Why Should You Incorporate Your Business?

Why Should You Incorporate Your Business?

In the United States there are approximately 28 million business owners and each month an estimated 500,000 new entrepreneurs start new enterprises across the US. Each business owner at some point must deal with the question should you incorporate your business or not? Let’s look at the facts behind whether you should incorporate your business or just run it as a sole proprietorship.

If you run your business as a sole proprietorship then you will simply file your business tax return with your personal tax return on your schedule C in most cases, you will also not necessarily need to get a separate Tax ID (Entity Identification Number) for your new business.

As a sole proprietorship you will also automatically take on any liability that the business is issued, this could be from a judgment that is ruled by a court of law that holds you and your business responsible and liable for any mishaps that occur with your business.

For example, if you were selling lemonade and the lemonade had some hazards that led to health issues for its customers then theoretically you could be found liable personally for your business and need to pay for any health bills and other medical liabilities that are brought about due to the actions of your business. Wow, that sounds like a lot of liability that may not exactly be the position that you want to find yourself in as a new business owner.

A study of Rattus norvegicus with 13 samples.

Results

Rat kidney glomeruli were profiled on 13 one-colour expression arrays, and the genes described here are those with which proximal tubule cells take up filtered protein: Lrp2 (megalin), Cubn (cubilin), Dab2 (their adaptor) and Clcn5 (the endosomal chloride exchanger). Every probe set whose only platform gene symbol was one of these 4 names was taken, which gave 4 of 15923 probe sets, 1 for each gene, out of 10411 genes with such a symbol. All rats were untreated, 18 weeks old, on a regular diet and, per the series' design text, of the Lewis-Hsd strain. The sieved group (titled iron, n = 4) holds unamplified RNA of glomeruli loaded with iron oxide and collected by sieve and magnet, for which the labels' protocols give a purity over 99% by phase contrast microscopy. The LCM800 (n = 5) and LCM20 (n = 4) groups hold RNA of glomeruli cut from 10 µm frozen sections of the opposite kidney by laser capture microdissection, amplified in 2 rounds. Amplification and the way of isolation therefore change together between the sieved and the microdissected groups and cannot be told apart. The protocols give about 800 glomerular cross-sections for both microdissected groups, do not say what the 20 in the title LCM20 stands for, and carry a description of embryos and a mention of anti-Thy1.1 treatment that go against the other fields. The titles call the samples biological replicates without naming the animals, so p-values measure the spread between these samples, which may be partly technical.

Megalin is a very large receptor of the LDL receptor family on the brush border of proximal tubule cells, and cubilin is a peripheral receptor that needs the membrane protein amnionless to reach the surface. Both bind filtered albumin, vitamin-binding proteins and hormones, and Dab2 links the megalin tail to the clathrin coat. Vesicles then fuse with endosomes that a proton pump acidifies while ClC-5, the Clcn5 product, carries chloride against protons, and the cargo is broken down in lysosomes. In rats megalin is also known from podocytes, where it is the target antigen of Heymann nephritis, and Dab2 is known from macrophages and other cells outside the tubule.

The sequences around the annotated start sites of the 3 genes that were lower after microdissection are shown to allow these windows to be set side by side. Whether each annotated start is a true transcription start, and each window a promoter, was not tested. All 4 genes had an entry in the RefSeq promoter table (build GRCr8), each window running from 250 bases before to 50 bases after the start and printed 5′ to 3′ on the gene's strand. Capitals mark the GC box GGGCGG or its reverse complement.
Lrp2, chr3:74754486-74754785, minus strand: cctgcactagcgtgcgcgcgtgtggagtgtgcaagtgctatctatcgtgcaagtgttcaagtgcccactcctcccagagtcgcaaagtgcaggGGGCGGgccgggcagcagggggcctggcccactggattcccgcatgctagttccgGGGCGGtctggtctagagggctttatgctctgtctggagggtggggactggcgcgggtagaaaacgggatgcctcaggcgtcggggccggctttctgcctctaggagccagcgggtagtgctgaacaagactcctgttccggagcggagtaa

The other option is to incorporate your business which in the US means that you will set up some sort of limited liability corporation/partnership (LLC), S Corporation or C Corporation. Each of these entity types has certain pros and cons that come with each, for many business owners the advent of the LLC has been extremely popular due to the fact that as stated in the definition of the entity type, the LLC can actually limit the liability of the business owner.

Centuries ago, if a business was found liable for a myriad of issues, the result could be that the business owner could go to jail if unable to pay the judgment and his family might be sold as servants to repay the judgment or debt. Back in the mid 1800’s a new entity type was created by the US which is what we now know as the limited liability it limited the liability of the business owner and made it more practical to start a business with less risks.

Today it makes just as much sense as it did back then to incorporate your business and so if you wish to limit your liability then incorporate your business.